They call them accidents for a reason. No one intends for them to happen. When they do, the costs can be significant.
TrustedChoice.com reports that traffic accidents result in annual losses of $299.5 billion. If there are critical injuries, the costs can jump into the millions.
What No Fault Really Means
Twelve states, including Michigan, have enacted “No Fault” auto insurance laws. Michigan’s is among the most comprehensive, but the concept of no-fault insurance can be misleading.
“No Fault” does not mean that all damages resulting from an accident are automatically covered by your insurance. If you are involved in an accident in Michigan, No-Fault coverage works like this:
Personal Injury Protection (PIP)
Under Michigan law, a person injured in an accident is compensated by their insurance company. Family members riding in other vehicles are also covered. Up to 85% of lost income may also be paid for three years as well as a death benefit to families for three years.
Property Protection Insurance (PPI)
Michigan no-fault insurance provides $1 million in property damage coverage, including legally parked cars. It does not include cars that were operating and involved in the accident regardless of fault. This coverage applies only to property damage in Michigan and not in other states.
Basic Residual Liability Insurance
Residual liability coverage pays damages if you are at fault and sued in an accident. The minimum required coverage is:
- $20,000 to compensate a person injured or killed in an accident
- $40,000 total compensation per accident for multiple persons injured or killed
- $10,000 for property damage in another state
Under the statute, you can only sue, or be sued, if:
- Someone is seriously injured or killed
- A driver is not a Michigan resident and their vehicle is not registered in Michigan
- The accident occurred in another state.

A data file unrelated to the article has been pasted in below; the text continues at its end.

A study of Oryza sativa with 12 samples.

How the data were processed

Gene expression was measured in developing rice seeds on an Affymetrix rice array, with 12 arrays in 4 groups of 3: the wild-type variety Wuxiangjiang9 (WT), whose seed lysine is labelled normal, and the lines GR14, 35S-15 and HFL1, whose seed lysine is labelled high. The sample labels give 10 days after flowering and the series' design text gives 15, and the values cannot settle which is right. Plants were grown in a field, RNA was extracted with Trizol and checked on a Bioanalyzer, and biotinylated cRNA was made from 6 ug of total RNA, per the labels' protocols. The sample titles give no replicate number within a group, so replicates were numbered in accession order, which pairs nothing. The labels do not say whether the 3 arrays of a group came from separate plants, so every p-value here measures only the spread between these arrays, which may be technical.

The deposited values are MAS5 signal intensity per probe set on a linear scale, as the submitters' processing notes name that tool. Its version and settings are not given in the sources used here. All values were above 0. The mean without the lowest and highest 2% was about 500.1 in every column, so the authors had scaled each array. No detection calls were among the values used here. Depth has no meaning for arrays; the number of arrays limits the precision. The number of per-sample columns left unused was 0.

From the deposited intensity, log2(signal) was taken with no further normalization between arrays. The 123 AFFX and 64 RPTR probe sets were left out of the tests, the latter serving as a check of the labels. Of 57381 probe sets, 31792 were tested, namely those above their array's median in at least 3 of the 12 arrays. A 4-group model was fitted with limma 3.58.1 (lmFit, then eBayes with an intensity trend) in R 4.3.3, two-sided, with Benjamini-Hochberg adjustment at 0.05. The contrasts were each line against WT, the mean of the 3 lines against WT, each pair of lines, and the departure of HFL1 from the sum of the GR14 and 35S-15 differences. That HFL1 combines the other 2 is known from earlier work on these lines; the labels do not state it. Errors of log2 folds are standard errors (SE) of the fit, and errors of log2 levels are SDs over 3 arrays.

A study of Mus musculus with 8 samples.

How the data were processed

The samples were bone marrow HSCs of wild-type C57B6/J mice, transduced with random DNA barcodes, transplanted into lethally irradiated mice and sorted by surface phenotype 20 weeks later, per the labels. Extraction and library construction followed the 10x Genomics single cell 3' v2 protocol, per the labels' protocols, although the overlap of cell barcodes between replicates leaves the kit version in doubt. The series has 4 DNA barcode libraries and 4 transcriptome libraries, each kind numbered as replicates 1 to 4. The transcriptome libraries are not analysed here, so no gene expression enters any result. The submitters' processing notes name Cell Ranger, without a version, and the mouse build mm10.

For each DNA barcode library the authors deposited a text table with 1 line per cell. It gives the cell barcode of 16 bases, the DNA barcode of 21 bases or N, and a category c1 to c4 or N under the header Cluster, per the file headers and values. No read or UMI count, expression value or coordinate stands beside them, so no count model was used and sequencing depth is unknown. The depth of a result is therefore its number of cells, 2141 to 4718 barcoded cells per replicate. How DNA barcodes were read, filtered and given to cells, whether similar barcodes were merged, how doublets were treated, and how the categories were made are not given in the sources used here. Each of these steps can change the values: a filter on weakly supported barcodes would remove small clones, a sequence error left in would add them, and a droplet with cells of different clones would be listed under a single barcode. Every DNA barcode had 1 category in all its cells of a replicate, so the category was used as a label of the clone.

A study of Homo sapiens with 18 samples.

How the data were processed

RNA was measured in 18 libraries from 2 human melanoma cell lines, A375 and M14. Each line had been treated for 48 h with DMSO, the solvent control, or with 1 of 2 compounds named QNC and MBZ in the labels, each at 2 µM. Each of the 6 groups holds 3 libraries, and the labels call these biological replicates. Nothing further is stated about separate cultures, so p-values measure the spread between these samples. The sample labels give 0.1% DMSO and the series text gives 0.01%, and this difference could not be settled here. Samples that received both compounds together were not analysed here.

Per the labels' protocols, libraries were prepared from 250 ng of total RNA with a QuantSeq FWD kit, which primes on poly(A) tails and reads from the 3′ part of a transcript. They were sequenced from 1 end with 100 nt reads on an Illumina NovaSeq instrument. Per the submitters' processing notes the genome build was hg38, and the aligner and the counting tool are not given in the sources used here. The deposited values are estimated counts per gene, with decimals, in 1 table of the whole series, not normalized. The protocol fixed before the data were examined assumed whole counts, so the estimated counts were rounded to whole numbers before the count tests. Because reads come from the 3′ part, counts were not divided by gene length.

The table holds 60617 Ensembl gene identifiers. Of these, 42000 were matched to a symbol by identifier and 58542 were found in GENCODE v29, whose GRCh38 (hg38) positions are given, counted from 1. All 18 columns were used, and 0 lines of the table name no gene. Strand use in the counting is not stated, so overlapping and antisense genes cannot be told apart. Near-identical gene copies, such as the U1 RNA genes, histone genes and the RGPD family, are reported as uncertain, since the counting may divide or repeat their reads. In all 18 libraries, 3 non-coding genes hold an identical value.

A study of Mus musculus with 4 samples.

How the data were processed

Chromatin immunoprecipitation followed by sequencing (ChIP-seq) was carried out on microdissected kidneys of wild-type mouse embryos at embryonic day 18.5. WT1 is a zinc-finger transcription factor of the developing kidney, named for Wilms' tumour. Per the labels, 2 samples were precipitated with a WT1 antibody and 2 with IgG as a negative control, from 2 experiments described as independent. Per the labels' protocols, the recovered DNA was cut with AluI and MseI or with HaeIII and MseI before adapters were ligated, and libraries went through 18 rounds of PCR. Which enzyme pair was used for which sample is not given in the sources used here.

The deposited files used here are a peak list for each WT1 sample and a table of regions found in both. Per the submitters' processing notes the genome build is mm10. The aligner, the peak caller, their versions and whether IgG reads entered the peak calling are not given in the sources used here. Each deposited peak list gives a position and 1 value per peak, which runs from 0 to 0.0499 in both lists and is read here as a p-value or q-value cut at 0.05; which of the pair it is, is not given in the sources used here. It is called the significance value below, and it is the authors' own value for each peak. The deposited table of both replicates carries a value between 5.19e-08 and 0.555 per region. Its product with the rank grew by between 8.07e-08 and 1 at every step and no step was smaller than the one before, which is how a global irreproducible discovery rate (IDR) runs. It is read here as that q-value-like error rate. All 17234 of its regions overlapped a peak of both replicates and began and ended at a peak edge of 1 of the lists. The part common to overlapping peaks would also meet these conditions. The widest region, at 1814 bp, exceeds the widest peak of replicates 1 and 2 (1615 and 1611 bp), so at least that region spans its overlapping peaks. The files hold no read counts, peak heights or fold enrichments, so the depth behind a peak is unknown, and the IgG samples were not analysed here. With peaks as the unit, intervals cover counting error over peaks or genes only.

What About My Car?
No-Fault does not address damage to your car resulting from an accident. Coverage to repair or replace your car in an accident is your responsibility.
If damages to your car exceed your coverage limits, or you have no insurance to repair your car, the cost to replace or repair your vehicle is paid by you. Remember, the residual liability coverage only pays for serious injuries and up to $10,000 in property damage in another state.
Michigan insurance companies offer coverage in addition to the basic no-fault coverage. Drivers who understand what “No Fault” really means, and what it doesn’t mean, know that the no-fault insurance statute is just the beginning to adequately insuring their vehicles.
Collision coverage pays for some or all of the damage to, or replacement of, your car in an accident. There are three types of collision insurance in Michigan:
- Broad Form – Pays for damages regardless of who caused the accident and with a deductible to pay only if you are at fault
- Standard – Pays for damages regardless of fault, but there is always a deductible
- Limited – Pays only if you are not at fault, and may have a deductible.
If your car is damaged by some event other than an accident, comprehensive coverage comes into play. Damage from storms, vandalism, break-ins and other non-driving events are generally covered under a policy’s comprehensive coverage
Underinsured and Uninsured Coverage
Statistics show that 21% of Michigan drivers are uninsured. Underinsured and uninsured motorist coverage help protect you in the event that you are in involved in an accident with an at-fault driver who has insufficient or no insurance to cover your injuries.
While your no-fault insurance will pay medical expenses and some disability loss, you may be required to sue the at-fault driver for additional damages like long-term care, disability, lost wages and pain and suffering. If the at-fault driver is not adequately insured, underinsured/uninsured coverage may pay the difference.
Even under Michigan’s no-fault statute, an auto accident can result in serious financial loss. Understanding the No-Fault insurance law and adequate coverage for all of your vehicles is your best protection.